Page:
WASHINGTON, July 27 (Xinhua) -- U.S. President Donald Trump tweeted Wednesday that transgender people would be banned from serving in the military, immediately sparking outrage among U.S. congressmen, the LGBT (lesbian, gay, bisexual and transgender) community and celebrities.
In a series of morning tweets, Trump abruptly announced that transgender people would not be allowed to "serve in any capacity in the U.S. military."
The reason behind the decision, as mentioned in the tweets, is to avoid "the tremendous medical costs and disruption" and focus on "decisive and overwhelming victory."
This marks a wild shift in his stances on the LGBT community. During his campaign last year, he vowed to do everything in his power "to protect our LGBTQ citizens from the violence and oppression of a hateful foreign ideology."
White House spokeswoman Sarah Huckabee Sanders said in a press briefing Wednesday that Trump consulted with his national security team and believed the current policy "erodes military readiness and unit cohesion."
"The president has a lot of support for all Americans and certainly wants to protect all Americans at all times," Sanders said.
Jeff Davis, a spokesman for the U.S. Department of Defense, replied with "call the White House" to all related questions.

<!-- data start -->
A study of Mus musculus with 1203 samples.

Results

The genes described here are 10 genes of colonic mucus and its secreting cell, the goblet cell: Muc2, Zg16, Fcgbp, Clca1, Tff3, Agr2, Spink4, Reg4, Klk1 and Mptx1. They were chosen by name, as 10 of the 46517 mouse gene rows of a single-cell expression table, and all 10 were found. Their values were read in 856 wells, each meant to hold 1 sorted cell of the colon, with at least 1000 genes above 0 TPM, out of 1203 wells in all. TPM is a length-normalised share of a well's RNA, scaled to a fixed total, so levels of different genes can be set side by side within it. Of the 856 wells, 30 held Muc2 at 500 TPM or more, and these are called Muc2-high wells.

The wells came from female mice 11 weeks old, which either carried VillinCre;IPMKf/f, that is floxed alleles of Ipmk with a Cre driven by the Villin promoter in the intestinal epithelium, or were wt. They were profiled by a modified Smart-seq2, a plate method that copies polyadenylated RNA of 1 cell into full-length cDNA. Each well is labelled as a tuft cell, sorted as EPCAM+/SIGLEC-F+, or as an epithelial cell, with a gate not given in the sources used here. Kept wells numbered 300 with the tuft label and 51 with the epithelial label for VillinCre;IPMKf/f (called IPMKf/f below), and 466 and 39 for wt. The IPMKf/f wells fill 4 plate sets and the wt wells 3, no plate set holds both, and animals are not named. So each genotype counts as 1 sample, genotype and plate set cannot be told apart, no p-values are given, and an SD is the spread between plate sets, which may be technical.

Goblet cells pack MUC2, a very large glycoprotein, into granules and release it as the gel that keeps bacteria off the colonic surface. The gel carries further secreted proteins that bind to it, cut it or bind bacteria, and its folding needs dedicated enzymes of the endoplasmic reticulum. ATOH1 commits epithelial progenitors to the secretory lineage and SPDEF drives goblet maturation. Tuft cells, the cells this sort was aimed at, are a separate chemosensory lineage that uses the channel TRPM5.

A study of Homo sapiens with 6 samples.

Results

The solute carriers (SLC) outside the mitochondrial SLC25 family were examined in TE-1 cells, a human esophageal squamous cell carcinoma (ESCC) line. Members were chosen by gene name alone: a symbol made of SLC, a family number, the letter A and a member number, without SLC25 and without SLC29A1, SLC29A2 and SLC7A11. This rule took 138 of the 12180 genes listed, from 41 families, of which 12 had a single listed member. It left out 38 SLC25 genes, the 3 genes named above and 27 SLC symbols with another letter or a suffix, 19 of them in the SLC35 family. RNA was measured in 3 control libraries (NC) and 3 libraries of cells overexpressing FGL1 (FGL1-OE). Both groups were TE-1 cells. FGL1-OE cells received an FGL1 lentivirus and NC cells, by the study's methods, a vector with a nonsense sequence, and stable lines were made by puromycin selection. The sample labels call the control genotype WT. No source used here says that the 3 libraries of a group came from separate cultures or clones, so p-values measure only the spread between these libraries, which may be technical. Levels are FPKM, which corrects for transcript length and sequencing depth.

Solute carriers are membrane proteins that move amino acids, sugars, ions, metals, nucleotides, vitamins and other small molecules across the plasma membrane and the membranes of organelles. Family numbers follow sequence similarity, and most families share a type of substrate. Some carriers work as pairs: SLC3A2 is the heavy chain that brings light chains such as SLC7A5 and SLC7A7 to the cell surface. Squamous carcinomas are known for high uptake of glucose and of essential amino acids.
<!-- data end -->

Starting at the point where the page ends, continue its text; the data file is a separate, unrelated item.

Trump's announcement has led to widespread criticism from the two parties' congressmen, as well as social activists and celebrities.
Nancy Pelosi, the Democratic leader of the U.S. House of Representatives, tweeted that Trump "has shown his conduct is driven not by honor, decency, or national security, but by prejudice."
Adam Smith, top Democrat on the House Armed Services Committee, challenged the saying that the U.S. military needed to pay hundreds of millions of dollars for transgender surgeries and hormone therapies in 10 years, and said the figures "have no basis in fact" as was reported by the U.S. newspaper the New York Times.
Democratic Senator Tammy Duckworth, who served in the Iraq War and lost both of her legs, recalled her own experience.
"When my Black Hawk helicopter was shot down, I didn't care about the gender identity of the soldiers who were risking their lives to save me. I only cared that they were American troops," Duckworth said on Twitter.
Republican Senator John McCain, a Vietnam War veteran, said in a statement that "any American who meets current medical and readiness standards should be allowed to continue serving."
"The president's tweet this morning ... is yet another example of why major policy announcements should not be made via Twitter," he said.
The world's LGBTQ media advocacy organization GLAAD released a statement to express outrage over the ban. The ban "means denying some of our bravest Americans the right to serve and protect our nation," said Sarah Kate Ellis, president of GLAAD.
Some celebrities also joined politicians and the LGBT community in speaking out against Trump's decision.
Retired Olympic gold-medal winner Caitlyn Jenner has had gender reassignment surgery. "There are 15,000 patriotic transgender Americans in the U.S. military fighting for all of us. What happened to your promise to fight for them?" Jenner asked in a tweet retweeting Trump's tweet.
An estimated over 134,000 American veterans are transgender, and over 15,000 transgender people are serving in the military now, according to data revealed by the National Center for Transgender Equality, a U.S. social justice advocacy organization founded by transgender activists.